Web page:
The Bottom Line
- In light of increased federal and state regulatory oversight, the potential reach of TikTok may begin to shrink.
- Brands and agencies should take steps to prepare for a government ban of TikTok
Trendy social media app TikTok gained popularity during the COVID-19 pandemic and has been on a meteoric rise ever since. Despite its popularity with users and increased spending from marketers, the app, owned by China-based ByteDance has faced immense scrutiny over the last couple of years due to concerns over its data collecting practices and its impact on America’s youth. ByteDance’s alleged entanglements with Chinese government intelligence agencies and the Chinese Communist Party (CCP) have led U.S. government officials to question whether use of the app threatens national security.
At least part of the national security concerns are directly connected to a 2017 Chinese law requiring companies to give their government any personal data relevant to the country’s national security. While TikTok denies allegations that it has relinquished any personal information to the Chinese government, both the FBI and FCC have issued warnings that personal data could be shared.
To address concerns around data collection and use, TikTok CEO Shou Chew stated in a recent congressional hearing that TikTok planned to contract with an American staple, Oracle, to store TikTok data in the U.S. This action would presumably prevent potential Chinese interference on the platform. However, it is not clear whether federal or state governments would consider those steps to be sufficient.
To date, the federal government has made several attempts to place restrictions on TikTok, including trying to force ByteDance to sell off its U.S. assets, banning TikTok from app stores and granting authority to the Biden administration to ban the app on national security grounds.
In December 2022, Congress passed the “No TikTok on Government Devices Act” that required deletion of the app from official government devices. This action signified that, while it determines how to address its concerns with private citizens using private devices, the federal government is taking intervening measures with respect to those devices and situations that are within its control.
Although the federal government has not yet implemented any restrictions preventing private citizens from using TikTok, many states have considered taking matters into their own hands. Most recently, the Montana House of Representatives passed a first-of-its-kind law (Senate Bill 686, the “Restricting the Emergence of Security Threats that Risk Information and Communications Technology Act”) that bans TikTok for personal use. This bill, which is awaiting the Montana governor’s signature, would prohibit app stores from offering Montana users the option to download TikTok. While entities that violate this new legislation could face fines, the financial penalties do not extend to the app’s end-users.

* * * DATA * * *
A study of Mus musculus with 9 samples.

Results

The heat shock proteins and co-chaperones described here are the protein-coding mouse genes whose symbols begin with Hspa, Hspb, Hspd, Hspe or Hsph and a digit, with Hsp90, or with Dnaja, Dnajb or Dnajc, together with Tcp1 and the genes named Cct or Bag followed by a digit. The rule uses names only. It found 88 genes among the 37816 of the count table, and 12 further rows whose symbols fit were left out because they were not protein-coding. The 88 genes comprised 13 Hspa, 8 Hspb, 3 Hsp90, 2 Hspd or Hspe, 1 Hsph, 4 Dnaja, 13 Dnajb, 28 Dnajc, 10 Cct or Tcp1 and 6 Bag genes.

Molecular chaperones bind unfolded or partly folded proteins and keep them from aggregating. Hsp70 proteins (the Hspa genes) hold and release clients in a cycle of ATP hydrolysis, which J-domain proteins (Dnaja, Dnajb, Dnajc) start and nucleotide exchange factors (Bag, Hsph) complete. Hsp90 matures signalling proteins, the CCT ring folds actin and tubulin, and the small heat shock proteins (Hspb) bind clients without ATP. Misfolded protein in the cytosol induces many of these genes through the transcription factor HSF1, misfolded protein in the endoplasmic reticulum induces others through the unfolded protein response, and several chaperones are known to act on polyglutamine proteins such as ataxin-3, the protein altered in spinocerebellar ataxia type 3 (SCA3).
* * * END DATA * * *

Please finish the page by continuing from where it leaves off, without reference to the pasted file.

In addition to Montana, 29 other states have taken steps through executive orders or legislative action to restrict TikTok in one form or another by banning the platform across government agencies and state-owned devices.
These actions are in addition to others that individual states are taking to protect consumers online, such as Utah’s recent laws that impose protections for kids and teens on social media.
What Proactive Steps Can Brands and Agencies Take?
While we wait to see TikTok’s ultimate fate, brands and agencies should be proactive in the event that TikTok is banned throughout the country or in larger markets. Brands and their agencies should begin discussing contingency plans, including re-allocating advertising dollars and re-considering long-term TikTok ad buys.
On the influencer front, brands and agencies should update their existing influencer agreements to include provisions that address the potential ban, such as termination rights, force majeure and make goods. When updating these agreements, brands and agencies should consider whether the influencer has a comparable following on other social media platforms, such as Instagram or YouTube, or whether they are better off terminating the agreement in the event of a ban.